The Sega Saturn was an excellent console for fans, but it failed to garner as much mainstream success as it’s predecessor the Genesis. As a result, finding games in the real world is much more difficult. If you’re a Linux user, you’ll be able to emulate the console for free with Yabause and play Sega Saturn games on Linux.
Yabause is an older program, so it’s stable and can run Sega Saturn games very well! In this guide, we’ll teach you how to get the emulator up and running, and even how to configure a USB controller! Let’s get started!
Note: Addictivetips in no way encourages or condones the illegal downloading or distribution of ROM files for Yabause. If you want to play Sega Saturn games with Yabause, please use your own ROM files you’ve backed up to your PC, legally.
Installing the Yabause program on many Linux distributions isn’t a difficult task. The reason that it’s easy is that the program is provided for easy download directly in many mainstream Linux OS package repositories.
In this section of the guide, we’ll go over how you can load up Yabause on your Linux distribution of choice. To start, open up a terminal window (which can be done quickly with Ctrl + Alt + T or Ctrl + Shift + T on the keyboard) and following the instructions that outline the OS you use.
The Yabause emulation tool is available for every Ubuntu Linux installation and has been since 14.04 LTS. However, before you can install the package from the archive, it’s critical that you enable the “Universe” software repository.
sudo add-apt-repository universe
With the Universe repo up and running, it’s time to run the “update” command. Using it will allow you to access packages in the new repo.
sudo apt update
With update done, it’s safe to install the Yabause software package to Ubuntu using the Apt install command.
sudo apt install yabause
The Yabause Sega Saturn emulator is available on Debian Linux in the “Main” software repository. If you’re a Debian user, it is possible to install it quite easily with the command below.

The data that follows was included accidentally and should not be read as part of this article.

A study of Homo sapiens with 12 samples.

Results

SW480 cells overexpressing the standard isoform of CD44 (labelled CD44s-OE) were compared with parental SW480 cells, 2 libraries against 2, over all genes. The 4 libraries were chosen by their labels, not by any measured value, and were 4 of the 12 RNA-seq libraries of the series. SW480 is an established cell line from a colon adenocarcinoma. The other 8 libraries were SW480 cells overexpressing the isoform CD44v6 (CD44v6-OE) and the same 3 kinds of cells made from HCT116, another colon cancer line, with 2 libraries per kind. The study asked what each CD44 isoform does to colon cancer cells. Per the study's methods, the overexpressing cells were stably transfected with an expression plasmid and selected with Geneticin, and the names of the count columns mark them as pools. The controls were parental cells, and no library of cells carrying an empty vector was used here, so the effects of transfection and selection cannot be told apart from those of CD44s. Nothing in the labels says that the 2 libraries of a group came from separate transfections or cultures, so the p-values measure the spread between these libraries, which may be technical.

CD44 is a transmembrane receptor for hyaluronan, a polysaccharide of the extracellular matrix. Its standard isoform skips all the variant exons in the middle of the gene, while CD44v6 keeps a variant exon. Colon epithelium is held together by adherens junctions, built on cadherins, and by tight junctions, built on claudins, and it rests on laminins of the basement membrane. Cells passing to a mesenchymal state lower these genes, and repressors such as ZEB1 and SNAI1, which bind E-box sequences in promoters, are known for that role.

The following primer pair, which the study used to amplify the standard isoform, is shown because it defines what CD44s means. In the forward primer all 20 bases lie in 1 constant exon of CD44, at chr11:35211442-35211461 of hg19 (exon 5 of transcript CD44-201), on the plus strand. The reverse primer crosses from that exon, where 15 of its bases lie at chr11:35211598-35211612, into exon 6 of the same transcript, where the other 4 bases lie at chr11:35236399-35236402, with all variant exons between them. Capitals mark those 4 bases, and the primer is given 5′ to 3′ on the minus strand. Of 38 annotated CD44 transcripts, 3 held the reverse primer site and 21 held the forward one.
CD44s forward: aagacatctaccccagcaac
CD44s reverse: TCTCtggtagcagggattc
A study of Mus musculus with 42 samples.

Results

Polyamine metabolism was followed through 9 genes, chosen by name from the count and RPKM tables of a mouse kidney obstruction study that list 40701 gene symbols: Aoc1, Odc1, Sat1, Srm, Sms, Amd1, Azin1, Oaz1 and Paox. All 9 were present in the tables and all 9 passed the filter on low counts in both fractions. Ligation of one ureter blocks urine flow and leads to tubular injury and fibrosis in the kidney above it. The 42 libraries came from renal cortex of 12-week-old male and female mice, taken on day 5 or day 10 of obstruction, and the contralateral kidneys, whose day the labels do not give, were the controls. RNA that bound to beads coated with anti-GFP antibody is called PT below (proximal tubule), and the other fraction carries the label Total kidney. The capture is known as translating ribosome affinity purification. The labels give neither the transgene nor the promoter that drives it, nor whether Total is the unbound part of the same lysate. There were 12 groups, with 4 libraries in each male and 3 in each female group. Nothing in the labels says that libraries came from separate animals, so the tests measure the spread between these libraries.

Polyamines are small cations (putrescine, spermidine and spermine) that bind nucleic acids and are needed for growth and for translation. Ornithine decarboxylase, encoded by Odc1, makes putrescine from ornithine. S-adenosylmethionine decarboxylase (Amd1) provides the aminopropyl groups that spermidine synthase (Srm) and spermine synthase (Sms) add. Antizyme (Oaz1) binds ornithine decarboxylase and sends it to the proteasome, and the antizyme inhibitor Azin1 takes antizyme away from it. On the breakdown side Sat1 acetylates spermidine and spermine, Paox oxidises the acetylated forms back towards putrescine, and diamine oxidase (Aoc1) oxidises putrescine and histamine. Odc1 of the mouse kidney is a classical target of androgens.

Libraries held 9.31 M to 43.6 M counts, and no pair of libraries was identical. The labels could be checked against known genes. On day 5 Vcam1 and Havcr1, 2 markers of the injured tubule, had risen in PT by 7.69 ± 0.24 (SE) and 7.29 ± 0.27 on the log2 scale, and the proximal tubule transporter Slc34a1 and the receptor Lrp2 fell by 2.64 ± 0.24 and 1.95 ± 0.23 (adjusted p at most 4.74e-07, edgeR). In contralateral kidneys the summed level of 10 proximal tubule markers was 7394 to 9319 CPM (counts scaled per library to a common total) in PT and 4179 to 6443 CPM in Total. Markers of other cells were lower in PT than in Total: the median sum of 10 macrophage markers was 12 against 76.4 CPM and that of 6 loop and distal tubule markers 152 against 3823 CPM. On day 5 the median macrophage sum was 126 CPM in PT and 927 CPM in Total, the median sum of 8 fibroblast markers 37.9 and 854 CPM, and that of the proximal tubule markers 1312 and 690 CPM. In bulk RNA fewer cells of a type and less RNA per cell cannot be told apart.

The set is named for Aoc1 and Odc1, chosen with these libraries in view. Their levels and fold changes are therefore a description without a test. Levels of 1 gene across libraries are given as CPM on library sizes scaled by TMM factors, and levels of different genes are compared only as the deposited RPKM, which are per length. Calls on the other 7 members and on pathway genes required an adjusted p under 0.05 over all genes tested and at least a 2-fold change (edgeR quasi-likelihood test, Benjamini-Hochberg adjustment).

sudo apt-get install yabause
Need to get the Yabause emulator on Arch Linux? Lucky for you, it’s available in the “Community” software repository! Install it with the following Pacman command in a terminal window.
Note: many Arch Linux users do not enable the “Community” repository by default during installation. Before attempting to run the Pacman installation command, edit your /etc/pacman.conf file and enable it.
sudo pacman -S yabause-gtk
Or, if you prefer the Qt/KDE version of the app do:
sudo pacman -S yabause-qt
If you’re on Fedora Linux and you want to enjoy Sega Saturn, you won’t be able to install the app through traditional Fedora software sources. Instead, you must first enable RPM Fusion Free. Here’s how to do it.
Note: replace X with the version number of Fedora Linux you are currently using.
sudo dnf install https://download1.rpmfusion.org/free/fedora/rpmfusion-free-release-X.noarch.rpm -y
With RPM Fusion Free working, install Yabause on Fedora with:
sudo dnf install yabause -y
OpenSUSE doesn’t have great support for the Yabause emulator. However, thanks to the OBS, there is an unstable Git-based package for OpenSUSE Tumbleweed. You can install it here.
If the unstable Git package doesn’t work on SUSE, consider switching to another one of the distributions on this list that support Yabause better.
Yabause is open source, so if you’re using a lesser-known Linux distribution, you’ll need to compile the source code from scratch. To do this head over to the project’s GitHub and read the instructions.
Playing games in Yabause
Yabause is a very straight-forward emulator when it comes to design, and this is refreshing as it enables even newbie fans of classic Saturn games the ability to use it efficiently.
To load up a game in Yabause, put a Saturn ROM on your Linux PC. Then, click “Yabause” and select the “Preferences” option.
Under “Preferences,” go to “General” and locate the “Cdrom” option.
Click “Browse” and navigate to the Sega Saturn ISO file. Then, click “OK.”
After clicking the “OK” button, select the “Yabause” button. From there, click “Run” to load up the game.
Note: for the Qt version, click “Yabause,” then “Open ISO.”
Configuring the graphics
To tweak the graphical settings in Yabause, click the “Yabuse” menu button. From there, locate “preferences” and select it to open up the emulator’s settings area.
Inside the settings area, locate “Video” and click on it to get to the Yabuse graphical settings. From there you can change things like video width and height, video format, frame skip, rendering, etc.
Having a controller makes a huge difference when playing emulated games. If you’re looking to set one up in Yabause, you’ll need to start by clicking on “Yabause,” then “Preferences,” then “Input.”
In the “Input” area, look for “Pad” and click on it. After that, select the drop-down menu and set it to “Linux Joystick Interface.”
With the driver settings in Yabause set to “Linux Joystick Interface,” you can go through and assign buttons to your USB controller.
Saving and Loading
To save your game, click the “Yabause” menu button while the game is running. Then, find “Save state” and click the “Save” button to save the game.
Alternatively, to load a save, find the “Save state” menu and select the “Load” button.